It seems that whenever I am running an adventure, I tend to forget a lot of the details which help bring a scene alive, and often some that might make a definite difference in the party's actions. One of the most common things I forget is weather and season. I can't tell you how many outdoor adventures I've run that take place on an apparently warm, sunny, spring/summer day since I gave no details otherwise.
Well, recently I thought up some simple tables to help myself remember to include details like the season, air temperature, and weather. First is, of course, a simple d12 roll to see what the current month is, unless I have already decided beforehand what time of year the adventure begins in.
Next I have a seasonal table to give approximate air temperatures. I use a subjective scale that loosely ties to actual temperatures.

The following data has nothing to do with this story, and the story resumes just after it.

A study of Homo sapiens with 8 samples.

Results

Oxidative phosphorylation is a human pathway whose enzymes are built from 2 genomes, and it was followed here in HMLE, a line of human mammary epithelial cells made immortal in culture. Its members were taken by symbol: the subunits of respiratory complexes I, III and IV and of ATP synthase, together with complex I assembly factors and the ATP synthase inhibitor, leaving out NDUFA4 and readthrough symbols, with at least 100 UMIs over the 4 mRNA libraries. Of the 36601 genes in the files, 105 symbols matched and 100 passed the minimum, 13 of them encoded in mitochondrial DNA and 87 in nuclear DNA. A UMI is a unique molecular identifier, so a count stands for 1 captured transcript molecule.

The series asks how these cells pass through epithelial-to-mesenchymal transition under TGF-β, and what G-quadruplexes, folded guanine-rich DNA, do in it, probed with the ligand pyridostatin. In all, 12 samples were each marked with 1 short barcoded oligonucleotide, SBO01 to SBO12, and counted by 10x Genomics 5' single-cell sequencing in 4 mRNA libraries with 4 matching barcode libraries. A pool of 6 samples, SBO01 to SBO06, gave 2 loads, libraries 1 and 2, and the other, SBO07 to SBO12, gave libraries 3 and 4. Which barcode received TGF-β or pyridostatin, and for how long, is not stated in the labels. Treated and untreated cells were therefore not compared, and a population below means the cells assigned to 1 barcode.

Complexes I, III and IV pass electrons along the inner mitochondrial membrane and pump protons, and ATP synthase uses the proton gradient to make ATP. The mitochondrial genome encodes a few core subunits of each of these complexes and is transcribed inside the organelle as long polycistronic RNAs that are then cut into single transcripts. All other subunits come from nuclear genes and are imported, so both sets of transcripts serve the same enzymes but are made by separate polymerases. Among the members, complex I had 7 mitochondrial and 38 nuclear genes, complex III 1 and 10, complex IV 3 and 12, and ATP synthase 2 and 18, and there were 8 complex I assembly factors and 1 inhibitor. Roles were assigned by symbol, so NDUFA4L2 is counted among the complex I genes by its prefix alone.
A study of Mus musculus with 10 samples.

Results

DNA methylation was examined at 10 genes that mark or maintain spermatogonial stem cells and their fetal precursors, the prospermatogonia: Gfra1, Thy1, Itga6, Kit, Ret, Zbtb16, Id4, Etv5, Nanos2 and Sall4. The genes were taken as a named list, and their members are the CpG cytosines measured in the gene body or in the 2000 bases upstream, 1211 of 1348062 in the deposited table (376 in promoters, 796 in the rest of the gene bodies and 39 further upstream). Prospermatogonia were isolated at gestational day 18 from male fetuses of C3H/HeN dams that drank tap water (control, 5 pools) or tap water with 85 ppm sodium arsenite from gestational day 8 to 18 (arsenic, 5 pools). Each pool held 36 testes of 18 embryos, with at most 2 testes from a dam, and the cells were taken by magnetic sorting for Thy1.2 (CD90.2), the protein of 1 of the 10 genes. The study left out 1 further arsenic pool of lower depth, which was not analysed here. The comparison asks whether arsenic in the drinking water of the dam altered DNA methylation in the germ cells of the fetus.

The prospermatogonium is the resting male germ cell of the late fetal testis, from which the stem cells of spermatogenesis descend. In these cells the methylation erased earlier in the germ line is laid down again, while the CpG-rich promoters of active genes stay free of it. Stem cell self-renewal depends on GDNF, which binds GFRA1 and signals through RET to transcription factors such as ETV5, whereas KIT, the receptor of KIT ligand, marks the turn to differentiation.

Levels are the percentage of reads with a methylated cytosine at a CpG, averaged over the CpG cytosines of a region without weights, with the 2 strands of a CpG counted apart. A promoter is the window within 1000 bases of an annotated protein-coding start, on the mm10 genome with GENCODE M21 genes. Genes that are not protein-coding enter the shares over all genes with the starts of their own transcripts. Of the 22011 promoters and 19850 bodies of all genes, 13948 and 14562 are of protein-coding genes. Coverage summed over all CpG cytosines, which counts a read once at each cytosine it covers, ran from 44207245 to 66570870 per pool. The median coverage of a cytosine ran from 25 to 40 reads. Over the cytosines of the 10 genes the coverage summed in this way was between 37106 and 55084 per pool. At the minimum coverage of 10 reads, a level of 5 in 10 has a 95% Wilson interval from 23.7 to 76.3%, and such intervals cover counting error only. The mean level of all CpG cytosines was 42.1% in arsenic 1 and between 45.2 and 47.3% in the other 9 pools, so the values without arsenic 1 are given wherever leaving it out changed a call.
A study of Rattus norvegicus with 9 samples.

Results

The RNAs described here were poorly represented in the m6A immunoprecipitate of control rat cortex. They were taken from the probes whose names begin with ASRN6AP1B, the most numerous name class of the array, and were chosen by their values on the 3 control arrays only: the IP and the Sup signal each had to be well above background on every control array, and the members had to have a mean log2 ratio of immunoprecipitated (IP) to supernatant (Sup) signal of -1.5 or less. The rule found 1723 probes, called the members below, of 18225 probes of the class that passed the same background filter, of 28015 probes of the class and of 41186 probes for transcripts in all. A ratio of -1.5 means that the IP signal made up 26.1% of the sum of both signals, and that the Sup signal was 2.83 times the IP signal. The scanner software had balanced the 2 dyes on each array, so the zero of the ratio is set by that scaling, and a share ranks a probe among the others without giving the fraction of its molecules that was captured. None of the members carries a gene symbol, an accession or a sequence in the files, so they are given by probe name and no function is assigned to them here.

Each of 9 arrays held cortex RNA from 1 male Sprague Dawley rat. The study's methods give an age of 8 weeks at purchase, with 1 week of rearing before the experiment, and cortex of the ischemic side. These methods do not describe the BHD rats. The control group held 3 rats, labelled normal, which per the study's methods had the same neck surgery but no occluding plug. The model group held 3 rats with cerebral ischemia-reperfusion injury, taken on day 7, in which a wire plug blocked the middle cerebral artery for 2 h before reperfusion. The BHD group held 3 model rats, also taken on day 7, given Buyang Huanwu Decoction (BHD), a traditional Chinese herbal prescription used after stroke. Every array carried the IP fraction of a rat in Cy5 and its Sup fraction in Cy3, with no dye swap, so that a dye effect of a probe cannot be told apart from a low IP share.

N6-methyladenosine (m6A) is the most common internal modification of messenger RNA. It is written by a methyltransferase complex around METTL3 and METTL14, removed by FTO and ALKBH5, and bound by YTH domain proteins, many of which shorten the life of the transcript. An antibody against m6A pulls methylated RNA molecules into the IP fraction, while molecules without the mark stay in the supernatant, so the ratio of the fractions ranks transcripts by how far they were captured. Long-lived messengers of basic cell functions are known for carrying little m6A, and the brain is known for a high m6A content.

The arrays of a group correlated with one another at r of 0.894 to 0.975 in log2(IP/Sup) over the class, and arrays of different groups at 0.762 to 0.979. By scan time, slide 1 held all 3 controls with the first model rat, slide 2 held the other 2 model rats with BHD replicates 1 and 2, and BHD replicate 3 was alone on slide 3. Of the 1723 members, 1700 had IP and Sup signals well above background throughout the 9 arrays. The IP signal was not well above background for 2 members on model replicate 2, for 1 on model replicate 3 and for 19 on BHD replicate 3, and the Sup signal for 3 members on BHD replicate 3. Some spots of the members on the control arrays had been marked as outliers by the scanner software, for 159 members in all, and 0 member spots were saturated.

100-109 Very Hot
80-89 Very Warm
50-59 Very Cool
30-39 Very Cold
10-19 Below Freezing
less Below Zero
This way you don't have to give them exact degrees, just a loose description: "It is a warm summer evening..."
Then I set up a daily temperature by month scale like so:
JAN Very Cold
MAR Very Cool
JUN Very Warm
AUG Very Warm
NOV Very Cool
These temperatures represent the basic "high" of the day. Morning and evening temps are one step cooler, night temps are two steps cooler.
Now we come to the actual weather table itself. It doesn't have very unusual weather, that will come into play when I intend to have it, but it is good to give a reasonably realistic variation from day to day with a simple roll of 2d6:
2-3 Stormy (blizzard, tornadoes, etc)
4-5 Rainy (or snowing; also one step colder)
6 Colder than normal (two steps colder)
7 Sunny and fair
8 Hotter than normal (two steps hotter)
11-12 Same as Yesterday
And that's it. I haven't put it into practice yet, but I hope to if I can ever get a local game going...
EDITED TO ADD:
Why aren't my tables lining up right? I'm using the "code" html tag, but the spaces aren't being counted. Can anyone help with that? Please?